STEAK DIANE

Join Elbee and Andrew (and perhaps some friends) as they explore A Treasury of Great Recipes by Mary and Vincent Price


Like many other hip people of my generation, my love affair with the series stemmed from not only the engrossing character drama, but the showcasing of an era we never experienced: Mid-century America.

What is it about that particular time in history that we all adore so much? It undoubtedly isn’t the struggles faced by minorities and women, as we tend to look past their strife all too often while wearing those rose-colored glasses. Instead, there is a certain panache we associate with 1950s and ’60s culture, be it art and design, fashion, or just the attitudes held by the people. We romanticize this time because it represents a type of happiness to us. And what could be happier than the holdovers from post-prohibition Café Society, the well-to-do, worry free uptown Jet-Set?

Steak Diane is a dish straight from the Mad Men era. It was New York City that made this steak dish famous, as the city’s cafés (such as the Drake Hotel, 21 Club, and The Colony) had the biggest reputations for being the most continental. But Steak Diane gained such popularity that you could find the entrée on the menu at the most glamorous restaurants all over the country.


There was a gimmick to this dish. Typically, Steak Diane would be prepared tableside by a table captain. The captain would wheel a cart with a portable burner between the tables, pour a bit of brandy in the pan, and ignite it in a flaming display of caramelized glory. Grab yourself a Singapore Sling, and a partner to foxtrot with, and your trendy mid century evening would be complete.

 


 

This particular recipe for Steak Diane comes from The Whitehall Club in Chicago, a city famous for its (to borrow a word from Vincent) “superlative” meats and steaks. Situated inside the famed Whitehall Hotel, The Whitehall Club was, in the 1960s, well-respected for its French cuisine (today, you’ll find Italian and Chinese on the lauded menu). The Whitehall Club offered a bit of luxury and fine dining that the Prices regarded as “some of the most delicious food we’ve ever eaten anywhere.” A tip from the chef? Always use shallots in place of garlic or onion.

When we chose this recipe, we weren’t aware of its history. We had no idea about the flambé, as the recipe didn’t mention any alcohol or crazy pyrotechnics whatsoever. We just saw this one, thought, “Mmmm red meat,” and went for it. And honestly, we didn’t expect much beyond the typical steak-and-potatoes fare.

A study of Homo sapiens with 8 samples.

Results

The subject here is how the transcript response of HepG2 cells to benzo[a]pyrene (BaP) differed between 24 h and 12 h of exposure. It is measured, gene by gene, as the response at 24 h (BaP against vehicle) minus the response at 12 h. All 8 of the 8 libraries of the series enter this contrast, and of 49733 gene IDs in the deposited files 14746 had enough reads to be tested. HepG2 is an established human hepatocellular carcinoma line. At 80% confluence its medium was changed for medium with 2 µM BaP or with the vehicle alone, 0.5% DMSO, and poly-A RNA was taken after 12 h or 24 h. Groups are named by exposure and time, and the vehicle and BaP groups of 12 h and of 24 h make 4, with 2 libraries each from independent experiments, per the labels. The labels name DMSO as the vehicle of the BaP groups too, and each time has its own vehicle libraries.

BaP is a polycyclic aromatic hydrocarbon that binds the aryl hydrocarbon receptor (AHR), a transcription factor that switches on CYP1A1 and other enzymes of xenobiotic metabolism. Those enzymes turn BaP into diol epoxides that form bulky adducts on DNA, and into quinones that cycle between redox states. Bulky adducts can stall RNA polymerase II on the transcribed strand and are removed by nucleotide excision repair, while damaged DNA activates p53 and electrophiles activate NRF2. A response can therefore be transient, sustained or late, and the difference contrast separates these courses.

But, boy, oh boy, were we wrong. This dish is amazing! Steak Diane is amazing! The combination of butter, and salt, and steak, and caramelized shallots – it just, holy crap. In researching this recipe, I’ve found numerous variations, but I’m not sure I want to stray from this one from the Treasury. It really is that good. We paired the steak with fried potatoes (because, duh), and the meal was incredibly satisfying. However, we did skip the vintage cocktails in favor of calimochos, which were a great accompaniment.

So, here we go with Steak Diane from the The Whitehall Club, with Vincent’s added touch. And, although this recipe does not call for the dramatic flambé, feel free to add some brandy or cognac to the saucepan if you think you can safely handle the blaze.

IMG_1471Ingredients: sirloin steaks, butter, shallots, Worcestershire sauce, salt, pepper, parsley

STEAK DIANE, serves 4

Usually in Chicago you are brought enormous, thick steaks that all but come to the table wearing the blue ribbon of the steer that they were part of. So for a change it was pleasant to be served a steak that had been pounded thin and was cooked quickly at the table in a chafing dish. The Whitehall Club’s maitre d’hôtel did the steaks and their sauce so deftly and rapidly, I couldn’t wait to get home and try it myself. It really does go 1-2-3, and tastes marvelous.

1. Put: 4 sirloin steaks, each about 6 ounces, between pieces of waxed paper and pound to 1/3-inch thickness. 

2. Heat in small saucepan: 2 tablespoons butter.

3. Add: 4 tablespoons finely chopped shallots and cook until shallots are lightly browned. Add: 2 tablespoons Worcestershire sauce and heat to bubbling. Keep the sauce hot. 

4. Heat in 12-inch skillet or chafing dish: 6 tablespoons butter. When it begins to brown, add steaks and cook for 3 minutes. Turn and cook for 2 to 3 minutes longer, or until done to taste. Transfer to a serving dish and sprinkle with salt and a generous amount of freshly ground pepper.

PRESENTATION: Spread the shallot sauce over the steaks and sprinkle with chopped parsley.